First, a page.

Developing electrostatic catalysis for polymerization and synthesis

Polar effects on radical stability are traditionally attributed either to resonance effects or to dipole effects. The former involves donor-acceptor interactions between specific functional groups that are conjugated or hyperconjugated with one another; the latter involves through space electrostatic interactions between charged (or partially charge-separated) functional groups. Both types of effects are strongly directional. However, we have recently discovered a new type of polar effect that is in principle non-directional and requires no conjugation or permanent dipoles. When a localised anion is placed in the vicinity of a delocalised radical, the radical is strongly stabilized compared with its corresponding non-radical derivatives. The effect arises in the enhanced polarisability of delocalised radicals compared with their corresponding closed-shell counterparts. In this way the destabilising interaction between a remote negative charge and an unpaired electron is minimised and a greater overall stabilisation of the species through charge-nuclei attraction is achieved. We are now working towards harnessing both conventional and non-directional polar effects to develop electrostatic catalysis based on both external electric fields and acid/base groups whose charge can be manipulated via pH.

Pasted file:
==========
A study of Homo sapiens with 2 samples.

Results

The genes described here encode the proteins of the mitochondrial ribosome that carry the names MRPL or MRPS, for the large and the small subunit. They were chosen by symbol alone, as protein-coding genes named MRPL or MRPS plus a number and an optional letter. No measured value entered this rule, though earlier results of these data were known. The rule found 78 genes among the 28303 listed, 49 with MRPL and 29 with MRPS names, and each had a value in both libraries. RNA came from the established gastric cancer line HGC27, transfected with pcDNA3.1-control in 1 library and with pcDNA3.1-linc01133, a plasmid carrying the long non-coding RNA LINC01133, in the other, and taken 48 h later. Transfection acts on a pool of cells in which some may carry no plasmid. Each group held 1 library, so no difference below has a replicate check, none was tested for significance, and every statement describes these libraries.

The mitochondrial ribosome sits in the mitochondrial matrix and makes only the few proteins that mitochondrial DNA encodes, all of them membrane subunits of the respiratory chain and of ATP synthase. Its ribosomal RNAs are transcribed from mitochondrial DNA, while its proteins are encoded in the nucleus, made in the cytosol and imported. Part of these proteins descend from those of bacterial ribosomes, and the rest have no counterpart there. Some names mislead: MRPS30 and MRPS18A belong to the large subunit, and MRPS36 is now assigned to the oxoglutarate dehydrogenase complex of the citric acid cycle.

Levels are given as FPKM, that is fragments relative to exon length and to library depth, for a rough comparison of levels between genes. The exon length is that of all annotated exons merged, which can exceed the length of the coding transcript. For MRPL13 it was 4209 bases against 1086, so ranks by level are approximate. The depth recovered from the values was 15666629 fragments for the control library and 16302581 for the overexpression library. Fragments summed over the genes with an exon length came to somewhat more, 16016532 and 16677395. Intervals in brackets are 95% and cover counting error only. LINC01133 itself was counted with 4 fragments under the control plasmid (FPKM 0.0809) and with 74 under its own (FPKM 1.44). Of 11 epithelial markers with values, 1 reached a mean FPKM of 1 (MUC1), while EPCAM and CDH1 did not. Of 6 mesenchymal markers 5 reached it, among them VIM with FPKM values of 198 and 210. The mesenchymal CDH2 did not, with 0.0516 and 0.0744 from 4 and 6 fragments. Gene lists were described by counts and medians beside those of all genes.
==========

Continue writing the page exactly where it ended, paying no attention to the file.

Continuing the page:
Selected recent publications

  • Gryn'ova G., Marshall D.L., Blanksby S.J., & Coote M.L. (2013) Switching Radical Stability By pH-Induced Orbital Conversion Nature Chem., 5, pp. 474-481.
  • Gryn’ova G., Coote M.L. (2013) Origin and scope of long-range stabilizing interactions and associated SOMO-HOMO conversion in distonic radical anions J. Am. Chem. Soc., 135, pp. 15392-15403.


The original research was carried out with funding from the ARC Centre of Excellence for Free-Radical Chemistry and Biotechnology, and our original theoretical findings were experimentally verified in the gas phase by Professor Stephen Blanksby, QUT. Synthetic applications are now being developed in collaboration with Professor Martin Banwell, while electromaterials applications are being developed through the ARC Centre of Excellence for Electromaterials Science.